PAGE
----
Invitation to Join Study on Microbiome and Autism from Stanford School of Medicine and Second Genome
We were asked to see if any parents out there might like to join a study on the MICROBIOME and AUTISM :
Researchers at Stanford University School of Medicine and the South San Francisco pharmaceutical company Second Genome Inc. have jointly received a $2.1 million grant to recruit subjects for a study exploring potential links between bacteria in the gut — known as the microbiome — and autism, the company announced Tuesday.
Researchers have long suspected, based on anecdotal evidence, that there may be a link between the microbiome and the severity of an autism diagnosis. There is limited data demonstrating the link in humans, but some studies indicate it may exist in lab mice.
Many children with autism have food allergies or gut conditions such as inflammatory bowel diseases, leading researchers to hypothesize that activity in the gut has a relationship to autism, said Dennis Wall, an associate professor of pediatrics at Stanford who is co-leading the study. With the new grant from the National Institutes of Health, the researchers will attempt to test that theory, so doctors can better diagnose and design therapies for people on the autism spectrum.
Here are the details - (uploading a video is optional)
We are looking for 100 families with two or more children, where:
- One child has a medical diagnosis of autism spectrum disorder and is between 2-7 years old,
- And another child without an autism diagnosis, who is no more than two years apart in age of the first child.
The study procedures include responding to an online behavioral and dietary survey, uploading a 3-minute home video, and collecting stool and saliva samples at home for each child. Everything is completed either online or in the home.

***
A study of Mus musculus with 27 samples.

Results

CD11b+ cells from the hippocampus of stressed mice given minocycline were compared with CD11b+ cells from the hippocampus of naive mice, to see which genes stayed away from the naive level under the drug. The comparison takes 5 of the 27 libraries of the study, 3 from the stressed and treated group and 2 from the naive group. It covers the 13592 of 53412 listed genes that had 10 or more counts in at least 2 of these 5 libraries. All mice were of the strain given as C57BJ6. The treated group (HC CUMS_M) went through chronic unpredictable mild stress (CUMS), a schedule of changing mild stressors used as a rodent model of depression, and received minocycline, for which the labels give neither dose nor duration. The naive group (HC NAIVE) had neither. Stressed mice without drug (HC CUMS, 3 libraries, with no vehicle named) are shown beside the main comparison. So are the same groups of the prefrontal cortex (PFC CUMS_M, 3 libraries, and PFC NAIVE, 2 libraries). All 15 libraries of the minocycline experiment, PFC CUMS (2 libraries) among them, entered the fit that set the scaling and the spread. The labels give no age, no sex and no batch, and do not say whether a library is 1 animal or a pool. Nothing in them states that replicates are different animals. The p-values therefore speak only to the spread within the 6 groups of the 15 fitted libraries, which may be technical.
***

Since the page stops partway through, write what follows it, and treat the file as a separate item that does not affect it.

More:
Would you be willing to send out this study information to your email listserv and/or post on your social media platforms (Facebook, Twitter, etc)? We only need 40 more families to participate and we are so excited to start analyzing the data!
Please see our most recent press release on SF Chronicle here, a KQED press release, our recruitment flyer attached, and our study website to sign up now! If you have any questions, please don’t hesitate to ask.
The M3 Team
I just want to add that Stanford is also making progress on PANDAS and PANS, in fact they do research on that as well and actually have a team of experts and immune therapies . But when you look at the AUTISM clinic there , it is dismal and archaic and has very little to do with the immune system, although we know that for many autism patients with moderate to severe symptoms, the immune system is key, as we see in this study, Pediatric autoimmune neuropsychiatric syndrome (PANS), developmental regression and autism.
Let¨s not forget these connections as well:
Figuring out whether PANS patients make antibodies against their own brains is perhaps the most important key to the disease’s mysteries. The research bears similarities to the discovery of anti-NMDA receptor encephalitis, and the path to that breakthrough may provide a road map of sorts for PANS researchers.
Much research shows the AUTISM connection to ANTI-NMDA RECEPTOR Encephalitis, too:
SO, parents, please let them know the paradigm for autism needs to change by joining in the research on the MICROBIOME.
Teresa Conrick is Science Editor for Age of Autism.